Custom serialisation the .NET way, fully customised serialisation, just marking classes, and just marking classes and adding a few tweaks are all available:
Custom serialisation is useful when:
- An object is fully or partially immutable (one or more members is
readonly) and hence must be deserialised via a constructor anyway (a factory method can also work by calling an existing constructor of course).
- A graph is complex, but much of it can be simplified with knowledge of the system (e.g. "I know I don't need to fully serialise that member I can just serialise enough information to create a new instance on deserialisation".
- A general-purpose class is used in a specific way (well, they always are...) and knowledge of those specifics can reduce the complexity of the graph.
- You are doing an XMLSeriazation of a class which inherits or implements a template class or abstract parameterised by itself (this goes into an infinite loop when mapping the graph, at least on
IEnumerable<T>, I don't know if it happens for all such interfaces and I'm pretty sure it doesn't happen for binary serialisation - really it's a bug and should be fixed, but for the time being its there).
- You need to guarantee backwards and/or forwards compatibility with later versions of the class (up to you to make sure that works, but you've no hope if you aren't "in there").
- You have a member of a class that you can't edit (framework or third-part provided) that is not serialisable, so you need to provide your own method of serialising it.
ISerialisable will provide an abstraction (named things go in, named things come out) which is used in turn for different formats.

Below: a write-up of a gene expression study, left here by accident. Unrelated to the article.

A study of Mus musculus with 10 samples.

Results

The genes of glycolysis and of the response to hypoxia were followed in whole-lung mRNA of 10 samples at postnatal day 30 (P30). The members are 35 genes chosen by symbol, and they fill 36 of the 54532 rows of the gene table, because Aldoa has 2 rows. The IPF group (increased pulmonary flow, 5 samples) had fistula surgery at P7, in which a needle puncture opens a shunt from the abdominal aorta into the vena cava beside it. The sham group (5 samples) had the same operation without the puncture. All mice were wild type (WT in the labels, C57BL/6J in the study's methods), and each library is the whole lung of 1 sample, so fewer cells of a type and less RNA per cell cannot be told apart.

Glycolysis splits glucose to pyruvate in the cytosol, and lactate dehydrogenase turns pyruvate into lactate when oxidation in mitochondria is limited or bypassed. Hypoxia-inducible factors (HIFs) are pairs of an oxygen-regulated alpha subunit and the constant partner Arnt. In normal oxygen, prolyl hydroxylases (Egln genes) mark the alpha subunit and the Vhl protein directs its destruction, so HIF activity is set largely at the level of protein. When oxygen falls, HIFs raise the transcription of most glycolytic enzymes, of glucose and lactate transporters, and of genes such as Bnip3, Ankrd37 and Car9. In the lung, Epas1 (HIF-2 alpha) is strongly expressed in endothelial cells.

If you need a very specific format (e.g serialised in a particular pattern) then you may need to look at the other interfaces (e.g. IXmlSerializable) at being more explicit in use of the serialisation methods, or at ignoring .NET-provided serialisation techniques and rolling your own means to produce and parse the different formats.
At the other extreme, you can just put the
[Serializable] attribute on the class and any class that it has a member of and that will give you default serialisation behaviour.
Further tweaks can come from putting
[NonSerialized] on members that shouldn't be serialised (say you have
BigObject _big; int _bigID and memoise access to
_big by lazy-loading it based on
_bigID on first access. In this case you can serialise just
_bigID by marking
_big as non-serialised.
IDeserializationCallback allows further tweaks by informing your class when it has just been created by deserialisation.